State Attorney Melissa Nelson broke new ground in May with an unprecedented drug prosecution that gained national attention. But it was not the kind of attention Nelson has grown accustomed to receiving.
The same types of academics who endorsed Nelson’s policies on juvenile justice, the death penalty and wrongful convictions criticized the decision by the new state attorney to bring murder and manslaughter charges in the fentanyl overdose of an 18-year-old woman.
This prosecution in Clay County could be an indication that amid an epidemic of opioid abuse Nelson intends to be harsh on drug dealers. In an interview, she said she will seek first-degree murder charges, which carry a minimum of life in prison, for overdose cases when appropriate in order “to keep the public safe from those responsible for this deadly crisis.” This, she said, is the “legal response to the loss of life.”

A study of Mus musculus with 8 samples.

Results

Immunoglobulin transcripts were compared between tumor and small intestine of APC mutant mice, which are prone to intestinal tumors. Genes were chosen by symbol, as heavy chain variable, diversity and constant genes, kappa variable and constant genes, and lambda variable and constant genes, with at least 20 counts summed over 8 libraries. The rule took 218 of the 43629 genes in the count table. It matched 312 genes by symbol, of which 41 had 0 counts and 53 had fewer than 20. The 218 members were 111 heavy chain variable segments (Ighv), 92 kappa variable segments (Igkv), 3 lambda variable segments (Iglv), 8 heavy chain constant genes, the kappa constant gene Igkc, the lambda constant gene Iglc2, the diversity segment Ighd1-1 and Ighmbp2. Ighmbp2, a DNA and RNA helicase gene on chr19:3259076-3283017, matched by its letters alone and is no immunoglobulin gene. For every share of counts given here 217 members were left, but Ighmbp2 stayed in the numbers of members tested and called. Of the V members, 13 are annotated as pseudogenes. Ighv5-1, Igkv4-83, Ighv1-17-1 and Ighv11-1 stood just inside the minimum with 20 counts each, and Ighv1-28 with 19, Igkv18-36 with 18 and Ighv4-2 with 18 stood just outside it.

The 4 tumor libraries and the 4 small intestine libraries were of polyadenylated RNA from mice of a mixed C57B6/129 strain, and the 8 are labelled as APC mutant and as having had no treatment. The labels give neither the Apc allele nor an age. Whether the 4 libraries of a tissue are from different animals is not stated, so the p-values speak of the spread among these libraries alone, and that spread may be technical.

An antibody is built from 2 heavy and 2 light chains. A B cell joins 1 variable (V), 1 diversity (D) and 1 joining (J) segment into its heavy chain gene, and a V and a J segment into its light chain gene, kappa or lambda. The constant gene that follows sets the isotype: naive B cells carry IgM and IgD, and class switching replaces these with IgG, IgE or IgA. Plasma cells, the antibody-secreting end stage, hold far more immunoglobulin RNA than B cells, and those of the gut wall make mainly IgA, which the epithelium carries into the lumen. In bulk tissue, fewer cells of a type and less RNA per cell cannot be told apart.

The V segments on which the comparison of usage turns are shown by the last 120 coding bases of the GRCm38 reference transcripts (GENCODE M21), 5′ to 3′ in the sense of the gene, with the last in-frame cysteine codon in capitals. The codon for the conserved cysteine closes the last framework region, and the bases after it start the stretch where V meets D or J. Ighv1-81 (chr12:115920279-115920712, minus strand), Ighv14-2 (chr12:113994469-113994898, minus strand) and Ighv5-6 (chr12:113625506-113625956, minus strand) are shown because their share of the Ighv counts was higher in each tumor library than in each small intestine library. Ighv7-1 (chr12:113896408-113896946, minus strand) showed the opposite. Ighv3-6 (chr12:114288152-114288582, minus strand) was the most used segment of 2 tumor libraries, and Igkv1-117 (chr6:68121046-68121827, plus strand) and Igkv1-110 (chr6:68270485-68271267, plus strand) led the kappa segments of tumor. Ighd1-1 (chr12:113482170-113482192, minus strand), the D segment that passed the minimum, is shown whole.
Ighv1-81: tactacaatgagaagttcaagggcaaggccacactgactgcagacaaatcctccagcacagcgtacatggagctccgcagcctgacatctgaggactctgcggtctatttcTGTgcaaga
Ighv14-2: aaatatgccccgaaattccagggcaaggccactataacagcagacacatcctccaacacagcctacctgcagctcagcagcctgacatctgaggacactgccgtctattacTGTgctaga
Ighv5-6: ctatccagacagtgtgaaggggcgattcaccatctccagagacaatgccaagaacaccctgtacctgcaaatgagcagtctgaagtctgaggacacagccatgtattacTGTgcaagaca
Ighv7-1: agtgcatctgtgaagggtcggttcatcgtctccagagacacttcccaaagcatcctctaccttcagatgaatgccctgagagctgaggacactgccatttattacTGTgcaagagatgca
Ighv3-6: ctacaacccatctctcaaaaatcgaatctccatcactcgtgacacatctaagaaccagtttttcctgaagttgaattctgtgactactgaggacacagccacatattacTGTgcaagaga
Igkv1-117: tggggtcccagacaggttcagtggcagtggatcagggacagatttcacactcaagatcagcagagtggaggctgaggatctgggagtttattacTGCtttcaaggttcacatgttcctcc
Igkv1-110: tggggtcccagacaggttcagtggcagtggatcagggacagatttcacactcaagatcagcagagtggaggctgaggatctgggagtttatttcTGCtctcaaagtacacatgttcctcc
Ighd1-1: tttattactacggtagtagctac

Yet experts say these prosecutions won’t make the public safer. “It is exactly the opposite of what we generally think of as best practice,” said Jonathan Caulkins, a drug-policy expert at Carnegie Mellon University, when the charges were announced.
Beyond the policy questions, there are concerns over the legality of such a prosecution. While Florida’s murder statute allows prosecutors to go after drug dealers in overdose cases, the statute lists what drugs apply, and fentanyl isn’t specifically listed. Just last week Gov. Rick Scott held a ceremony to celebrate the addition of fentanyl to the law, but that addition will only affect cases after Oct. 1 and won’t impact Nelson’s murder prosecution.
If prosecutors think fentanyl applies under the old law, “they are frankly wrong,” said Paul Doering, a pharmacology professor at the University of Florida who has testified for prosecutors. Other legal experts also said the defense may have a chance to dismiss the murder charge.